Judge: Mom of Slain Ark. Anchor Can’t Sue Over Privacy

October 18, 2011

Arkansas law doesn’t allow the mother of a slain Little Rock news anchor to proceed with a privacy lawsuit against a hospital and three workers whom she accused of illegally looking at her dead daughter’s medical files, a circuit court judge has ruled.

In a two-page decision issued Friday, Circuit Court Judge Leon Johnson found that the law doesn’t allow privacy claims to proceed after the death of the individual affected, the Arkansas Democrat-Gazette reported.

Patricia Cannady had sued St. Vincent Infirmary Medical Center in 2009 over the privacy issue after the death of her daughter, Anne Pressly. It was Cannady who found her daughter unconscious. Pressly had been beaten and raped, authorities said.

Pressly languished at the hospital for five days before she died on Oct. 25, 2008.

Cannady filed the lawsuit shortly after Dr. Jay Holland, Candida Griffin and Sara Miller pleaded guilty to federal misdemeanor medical privacy violations. They were sentenced to probation and fined, and Griffin and Miller were fired.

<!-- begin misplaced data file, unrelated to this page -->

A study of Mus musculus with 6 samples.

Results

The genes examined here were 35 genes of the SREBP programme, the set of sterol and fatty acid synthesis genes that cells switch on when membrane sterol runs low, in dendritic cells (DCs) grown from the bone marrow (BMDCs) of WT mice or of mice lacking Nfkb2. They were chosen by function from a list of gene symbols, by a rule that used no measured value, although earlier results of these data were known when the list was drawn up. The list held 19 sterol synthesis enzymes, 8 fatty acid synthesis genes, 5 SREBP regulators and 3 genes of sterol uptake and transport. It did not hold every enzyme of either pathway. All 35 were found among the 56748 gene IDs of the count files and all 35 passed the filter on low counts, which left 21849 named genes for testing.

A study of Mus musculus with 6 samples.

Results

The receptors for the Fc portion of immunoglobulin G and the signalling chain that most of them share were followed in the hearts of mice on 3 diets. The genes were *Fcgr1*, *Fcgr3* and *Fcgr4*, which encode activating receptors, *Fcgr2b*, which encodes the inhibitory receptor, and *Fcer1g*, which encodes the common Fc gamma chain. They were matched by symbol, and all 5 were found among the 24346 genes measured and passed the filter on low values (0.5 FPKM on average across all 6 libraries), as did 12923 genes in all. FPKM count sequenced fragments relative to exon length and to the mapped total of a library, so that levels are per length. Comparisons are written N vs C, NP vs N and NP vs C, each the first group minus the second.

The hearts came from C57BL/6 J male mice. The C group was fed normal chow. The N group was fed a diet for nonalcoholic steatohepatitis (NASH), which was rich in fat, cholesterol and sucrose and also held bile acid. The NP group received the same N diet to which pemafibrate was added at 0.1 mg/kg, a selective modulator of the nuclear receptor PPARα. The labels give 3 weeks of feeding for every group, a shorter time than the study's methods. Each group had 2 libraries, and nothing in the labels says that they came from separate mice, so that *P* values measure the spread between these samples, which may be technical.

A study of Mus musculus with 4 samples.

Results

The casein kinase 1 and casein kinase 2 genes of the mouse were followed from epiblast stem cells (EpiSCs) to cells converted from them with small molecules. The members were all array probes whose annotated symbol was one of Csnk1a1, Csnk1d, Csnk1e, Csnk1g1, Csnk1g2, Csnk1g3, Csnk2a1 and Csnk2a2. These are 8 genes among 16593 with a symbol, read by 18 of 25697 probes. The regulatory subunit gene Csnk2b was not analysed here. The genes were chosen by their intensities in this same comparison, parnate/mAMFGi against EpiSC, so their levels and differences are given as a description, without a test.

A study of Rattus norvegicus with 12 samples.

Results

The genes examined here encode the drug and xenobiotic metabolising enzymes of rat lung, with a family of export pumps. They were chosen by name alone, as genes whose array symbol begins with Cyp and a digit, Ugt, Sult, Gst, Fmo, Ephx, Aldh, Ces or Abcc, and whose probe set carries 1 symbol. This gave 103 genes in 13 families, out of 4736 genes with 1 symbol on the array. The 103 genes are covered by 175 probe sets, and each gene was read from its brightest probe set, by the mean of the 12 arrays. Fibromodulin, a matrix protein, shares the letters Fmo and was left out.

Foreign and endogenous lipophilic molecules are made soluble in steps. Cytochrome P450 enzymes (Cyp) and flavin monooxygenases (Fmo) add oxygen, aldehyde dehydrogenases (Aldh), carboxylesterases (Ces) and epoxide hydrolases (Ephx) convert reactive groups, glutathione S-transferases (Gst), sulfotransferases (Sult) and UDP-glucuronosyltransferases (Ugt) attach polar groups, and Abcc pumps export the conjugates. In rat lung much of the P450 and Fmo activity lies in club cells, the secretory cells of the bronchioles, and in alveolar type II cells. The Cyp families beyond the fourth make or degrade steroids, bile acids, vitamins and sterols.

Attorneys for the defendants argued that the case should be thrown out because the plaintiff could offer no direct proof about how Pressly might have been hurt by any disclosure of private medical information.

The statute bars after-death libel and slander suits, but does not specifically list privacy. In arguing that survivors cannot maintain a privacy lawsuit after death, the hospital and employees relied on a series of Arkansas Supreme Court rulings that date back to an 1883 lawsuit, the Democrat-Gazette reported. The case, Ward v. Blackwood, involved a lawsuit against a prison warden brought by the survivors of a guard whom he had beaten for sleeping on duty and allowing several inmates to escape.

No telephone listing for Cannady could be located on Sunday. An after-hours call to the lawyer listed in court records as her attorney, James Schulze, wasn’t immediately returned.

A call and an email sent to attorneys representing the hospital weren’t immediately returned.

A jury convicted Marianna resident Curtis Vance of capital murder in Pressly’s death. He was sentenced him to life in prison.